Fire Kills 190 Worshipers In India -- Blaze Causes Stampede Through Religious Hall

BARIPADA, India - Distraught villagers searched today for friends and family missing after a fire consumed a straw-and-thatch hall built for a Hindu festival, killing at least 190 worshipers.

Recovery workers lined up corpses in two rows on the muddy ground of the festival site. Weeping relatives filed slowly past the charred bodies, wailing or standing in silent shock if they recognized one.

The fire yesterday swept through the makeshift hall where 12,000 had gathered in an annual ceremony to seek the blessing of the late Swami Nigamananda, a Hindu leader.

Some witnesses told the Press Trust news agencythat an electrical short-circuit sparked the blaze; United News said the explosion of a cooking-gas cylinder may have been to blame.

Witnesses told Press Trust that flames sent panicked worshipers running. Many of the victims may have died in the stampede.

By midmorning, rescuers had found 154 bodies in the ruins of the hall, district magistrate Gobinda Chandra said. An additional 36 people died in hospitals, said Captain M.C. Sahoo, part of a medical team sent from a nearby army base.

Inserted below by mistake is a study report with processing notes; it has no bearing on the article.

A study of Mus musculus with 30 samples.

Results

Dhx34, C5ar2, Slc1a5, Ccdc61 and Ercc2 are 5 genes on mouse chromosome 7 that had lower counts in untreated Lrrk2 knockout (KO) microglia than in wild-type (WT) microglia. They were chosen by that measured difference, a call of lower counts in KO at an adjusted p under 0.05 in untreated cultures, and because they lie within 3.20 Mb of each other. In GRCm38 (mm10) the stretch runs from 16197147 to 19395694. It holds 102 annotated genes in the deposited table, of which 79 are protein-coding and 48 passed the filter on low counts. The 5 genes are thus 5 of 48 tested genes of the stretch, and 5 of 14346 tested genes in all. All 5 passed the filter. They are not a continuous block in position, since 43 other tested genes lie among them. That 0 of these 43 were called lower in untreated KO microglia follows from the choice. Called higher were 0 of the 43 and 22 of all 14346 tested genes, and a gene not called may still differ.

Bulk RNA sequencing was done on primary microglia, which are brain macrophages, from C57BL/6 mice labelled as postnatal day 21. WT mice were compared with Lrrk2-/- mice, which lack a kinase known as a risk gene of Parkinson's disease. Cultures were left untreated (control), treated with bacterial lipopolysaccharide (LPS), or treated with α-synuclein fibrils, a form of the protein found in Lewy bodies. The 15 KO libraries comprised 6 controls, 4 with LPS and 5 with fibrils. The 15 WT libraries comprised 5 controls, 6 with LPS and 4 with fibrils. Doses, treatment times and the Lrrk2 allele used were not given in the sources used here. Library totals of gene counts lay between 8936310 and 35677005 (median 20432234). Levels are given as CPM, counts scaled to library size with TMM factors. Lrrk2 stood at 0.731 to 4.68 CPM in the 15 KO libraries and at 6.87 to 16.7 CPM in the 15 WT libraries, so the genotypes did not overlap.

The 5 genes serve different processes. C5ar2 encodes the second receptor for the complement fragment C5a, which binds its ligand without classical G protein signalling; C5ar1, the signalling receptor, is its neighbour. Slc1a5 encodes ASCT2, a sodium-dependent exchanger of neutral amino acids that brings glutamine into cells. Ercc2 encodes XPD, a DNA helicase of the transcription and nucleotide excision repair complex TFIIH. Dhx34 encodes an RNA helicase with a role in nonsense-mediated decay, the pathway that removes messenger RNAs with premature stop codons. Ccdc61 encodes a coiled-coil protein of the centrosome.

Baripada, 1,250 miles southeast of New Delhi, was overwhelmed by the disaster. The town has only two fire trucks. Some of the injured were left lying on the road leading to the hospital, waiting to be treated.

Devotees of Swami Nigamananda had spent several days worshiping at an area known as Madhuban grounds on the outskirts of Baripada.

Organizers built a main meeting hall and several others to serve as living quarters, lining bamboo frames with straw mats for walls and covering the structures with thatch.

The fire broke out in the men's sleeping hall.

The Baripada fire was India's deadliest since 1995, when more than 500 people were killed in a fire that broke out in a tent where a school play was being performed in a village near New Delhi. That blaze was blamed on an electrical short.

India has no federal fire-safety regulations. The Bureau of Indian Standards has recommended a set of rules, but the country's 26 states are free to adopt or reject them.